What Happened When I Lost 40 Pounds
“You look healthy!” they exclaim, giving me a hug, or grabbing my shoulders like an aunt at a family reunion. They say it so often and with such enthusiasm that it can have the inverse effect of upsetting me. I can’t help wondering how unhealthy I used to look.
“People won’t stop telling me I look healthy,” I complained to my friend Mary.
She laughed. “Those assholes.”
Don’t get me wrong: I love compliments. But I feel a stab of mortification for the bloated, slightly sweaty woman who thought she had everyone fooled with Target hoodies and elastic waistbands. I have spent a lifetime hoping no one noticed my weight, and so it is a special terror that everyone now does. I tend to deflect in these moments. I say things like, “It’s amazing what you can accomplish when you stop burying your misery in Chipotle burritos.” Or I pass the weight loss off to quitting drinking, which is not a lie, since I was a beer-binger who could put away a six-pack on a Tuesday. (It’s hard to keep your girlish figure when even a casual night out includes 2,000 calories in sheer lager.)
It’s interesting, though, that so few people mention the word “weight.” It’s almost like they’re afraid of it. Like it would sound crass. Not putting a focus on weight happens to be what most reasonable diets do these days. The counselors will tell you about “healthy lifestyle choices” (not “calorie restriction”). They will explain concepts like “portion control” and talk about “a new way of eating.” (Classic motto: “It’s not a diet — it’s a live it.”) Restaurants rarely tout their “low-calorie” options but instead offer meals that are “heart-healthy,” as though when I lost 40 pounds, what I really had in mind was a stellar cardiogram.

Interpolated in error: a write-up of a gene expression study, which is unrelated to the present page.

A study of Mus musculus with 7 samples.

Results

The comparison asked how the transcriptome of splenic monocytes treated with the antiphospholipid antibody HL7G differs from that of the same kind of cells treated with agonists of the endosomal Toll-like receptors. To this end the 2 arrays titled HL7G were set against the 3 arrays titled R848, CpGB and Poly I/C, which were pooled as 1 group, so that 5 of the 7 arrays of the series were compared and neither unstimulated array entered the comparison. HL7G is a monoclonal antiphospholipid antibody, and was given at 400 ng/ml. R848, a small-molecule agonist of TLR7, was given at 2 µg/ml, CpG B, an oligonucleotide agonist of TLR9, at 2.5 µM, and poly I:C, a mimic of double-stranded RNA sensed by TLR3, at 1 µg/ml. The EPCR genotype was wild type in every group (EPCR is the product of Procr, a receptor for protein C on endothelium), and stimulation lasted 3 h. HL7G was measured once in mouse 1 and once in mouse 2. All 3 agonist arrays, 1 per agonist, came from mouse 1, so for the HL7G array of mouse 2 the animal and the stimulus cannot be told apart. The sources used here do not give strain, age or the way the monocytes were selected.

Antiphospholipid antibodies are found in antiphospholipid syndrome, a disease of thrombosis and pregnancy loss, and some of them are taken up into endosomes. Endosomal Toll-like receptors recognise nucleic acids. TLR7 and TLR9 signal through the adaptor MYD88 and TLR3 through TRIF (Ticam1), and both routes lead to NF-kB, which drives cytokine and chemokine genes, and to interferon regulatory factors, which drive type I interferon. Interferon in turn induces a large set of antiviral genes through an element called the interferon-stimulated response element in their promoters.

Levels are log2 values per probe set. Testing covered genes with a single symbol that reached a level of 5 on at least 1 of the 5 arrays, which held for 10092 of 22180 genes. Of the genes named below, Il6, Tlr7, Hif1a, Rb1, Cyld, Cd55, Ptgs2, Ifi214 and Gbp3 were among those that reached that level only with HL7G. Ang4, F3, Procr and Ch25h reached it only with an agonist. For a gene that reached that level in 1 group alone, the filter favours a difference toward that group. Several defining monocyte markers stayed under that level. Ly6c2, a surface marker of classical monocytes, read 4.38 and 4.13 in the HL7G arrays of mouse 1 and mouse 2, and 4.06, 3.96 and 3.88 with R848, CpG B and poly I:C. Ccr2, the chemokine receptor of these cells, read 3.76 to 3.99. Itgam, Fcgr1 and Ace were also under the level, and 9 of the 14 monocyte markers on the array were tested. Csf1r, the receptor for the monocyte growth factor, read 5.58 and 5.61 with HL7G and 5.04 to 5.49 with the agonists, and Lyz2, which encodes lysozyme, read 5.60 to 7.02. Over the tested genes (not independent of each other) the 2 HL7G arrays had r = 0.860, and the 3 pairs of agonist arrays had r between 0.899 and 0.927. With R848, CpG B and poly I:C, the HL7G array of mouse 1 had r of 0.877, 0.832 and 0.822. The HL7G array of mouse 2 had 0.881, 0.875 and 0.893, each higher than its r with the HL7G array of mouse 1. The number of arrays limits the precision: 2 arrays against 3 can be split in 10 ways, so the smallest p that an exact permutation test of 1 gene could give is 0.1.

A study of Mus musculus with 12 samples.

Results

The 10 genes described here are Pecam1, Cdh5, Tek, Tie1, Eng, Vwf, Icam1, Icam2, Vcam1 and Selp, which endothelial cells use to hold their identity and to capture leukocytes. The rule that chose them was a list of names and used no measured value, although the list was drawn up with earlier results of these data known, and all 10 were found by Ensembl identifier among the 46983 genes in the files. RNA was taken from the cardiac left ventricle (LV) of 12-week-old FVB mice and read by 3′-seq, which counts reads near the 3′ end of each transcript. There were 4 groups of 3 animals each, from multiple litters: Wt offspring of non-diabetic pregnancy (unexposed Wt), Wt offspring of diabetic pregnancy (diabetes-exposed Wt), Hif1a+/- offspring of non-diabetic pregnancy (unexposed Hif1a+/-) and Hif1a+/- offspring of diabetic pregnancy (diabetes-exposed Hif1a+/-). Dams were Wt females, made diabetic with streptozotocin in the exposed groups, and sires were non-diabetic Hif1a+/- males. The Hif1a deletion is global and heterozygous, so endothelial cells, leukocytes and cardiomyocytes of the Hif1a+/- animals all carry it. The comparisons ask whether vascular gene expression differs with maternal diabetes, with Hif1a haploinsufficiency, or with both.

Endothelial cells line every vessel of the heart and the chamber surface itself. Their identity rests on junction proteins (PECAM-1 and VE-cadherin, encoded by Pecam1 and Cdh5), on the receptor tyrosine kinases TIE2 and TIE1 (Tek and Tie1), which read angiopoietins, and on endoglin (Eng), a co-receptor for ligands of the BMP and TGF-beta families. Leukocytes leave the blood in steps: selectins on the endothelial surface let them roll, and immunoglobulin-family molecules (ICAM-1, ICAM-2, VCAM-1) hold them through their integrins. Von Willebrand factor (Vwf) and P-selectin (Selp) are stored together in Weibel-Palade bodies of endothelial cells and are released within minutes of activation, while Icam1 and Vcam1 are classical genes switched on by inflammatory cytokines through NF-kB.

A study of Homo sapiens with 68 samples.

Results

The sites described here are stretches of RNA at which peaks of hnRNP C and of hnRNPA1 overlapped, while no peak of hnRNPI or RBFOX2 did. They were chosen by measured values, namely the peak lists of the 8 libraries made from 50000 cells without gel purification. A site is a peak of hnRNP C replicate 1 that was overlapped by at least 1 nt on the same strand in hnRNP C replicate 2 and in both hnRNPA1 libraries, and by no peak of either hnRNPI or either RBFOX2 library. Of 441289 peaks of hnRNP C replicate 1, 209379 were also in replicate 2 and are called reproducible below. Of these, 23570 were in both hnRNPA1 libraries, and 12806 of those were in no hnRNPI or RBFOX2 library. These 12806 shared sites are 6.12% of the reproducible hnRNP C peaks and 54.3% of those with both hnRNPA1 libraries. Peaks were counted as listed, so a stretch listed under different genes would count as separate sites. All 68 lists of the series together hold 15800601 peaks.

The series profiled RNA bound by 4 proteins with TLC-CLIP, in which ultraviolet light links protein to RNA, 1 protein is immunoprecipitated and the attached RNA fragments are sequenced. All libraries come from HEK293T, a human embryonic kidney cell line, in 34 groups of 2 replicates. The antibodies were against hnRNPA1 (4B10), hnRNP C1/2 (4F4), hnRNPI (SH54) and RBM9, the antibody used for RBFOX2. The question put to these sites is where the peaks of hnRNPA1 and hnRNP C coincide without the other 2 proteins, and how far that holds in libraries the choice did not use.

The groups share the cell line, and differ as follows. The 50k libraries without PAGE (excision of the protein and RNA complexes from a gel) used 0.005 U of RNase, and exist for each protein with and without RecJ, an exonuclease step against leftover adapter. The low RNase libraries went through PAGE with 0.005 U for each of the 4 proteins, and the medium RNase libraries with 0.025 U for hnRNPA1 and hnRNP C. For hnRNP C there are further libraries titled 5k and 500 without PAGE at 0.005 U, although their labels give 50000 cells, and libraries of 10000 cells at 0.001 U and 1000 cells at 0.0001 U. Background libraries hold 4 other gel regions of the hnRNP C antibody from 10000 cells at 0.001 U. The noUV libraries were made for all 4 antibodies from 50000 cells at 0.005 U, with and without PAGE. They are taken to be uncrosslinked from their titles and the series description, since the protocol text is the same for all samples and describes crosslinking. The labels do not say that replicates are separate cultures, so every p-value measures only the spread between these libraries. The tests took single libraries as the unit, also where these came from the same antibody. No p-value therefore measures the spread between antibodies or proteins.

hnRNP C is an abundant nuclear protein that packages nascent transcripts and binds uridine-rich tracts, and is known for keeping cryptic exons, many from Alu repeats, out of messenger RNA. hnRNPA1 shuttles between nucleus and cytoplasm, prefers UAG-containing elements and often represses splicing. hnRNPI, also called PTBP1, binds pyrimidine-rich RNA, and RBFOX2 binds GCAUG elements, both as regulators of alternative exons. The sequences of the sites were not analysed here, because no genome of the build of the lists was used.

We are a society badly messed up about body image. We mock celebrities for getting fat and then mock Keira Knightley for staying thin. We scream about the dangers of the obesity epidemic while half of us continue to text and drive. So I can’t blame anyone for being weird on the subject of weight. I am superweird on the subject of weight. In middle school, I ate iceberg lettuce for lunch and scissor-kicked my way through Kathy Smith’s aerobics video three to five times a week. By college, I had settled into serious “screw-it” mode: The worse any food was for me, the more I wanted it. I was all bacon and melted cheese and Camel Lights. Over the next 15 years, I gained 20 pounds, lost 15, gained 30, lost 10. My closet contained enough sizes for many sister wives. I agonized about my weight all the time. But I did very little about it. New Year’s resolutions dissolved mid-January. Broccoli and cucumbers bought with the best of intentions turned squishy with neglect. I relied on the optical illusions of the Dillard’s hosiery department: Spandex and control-top pantyhose and enough bizarre, constrictive doodads to outfit all of Madonna’s backup dancers.
When I quit drinking, I hoped the pounds would melt away. But I had swapped imported beer for peanut-butter-chocolate ice cream and pasta with cream sauce. Four months into sobriety, I was at the hairstylist in Brooklyn, seated in that hateful little chair where you are forced to look at yourself speak in a full-length mirror (I despise that chair!) when my self-loathing became radioactive. There I was, getting pampered in my fancy first-world way, but what I thought was: “I am going to have to lose weight, or I am going to rip off my own face.” Those were the words that formed in my brain. I knew drinking had kept me from losing weight. I did not realize, until that moment, how it had buffered me from the misery I felt about it.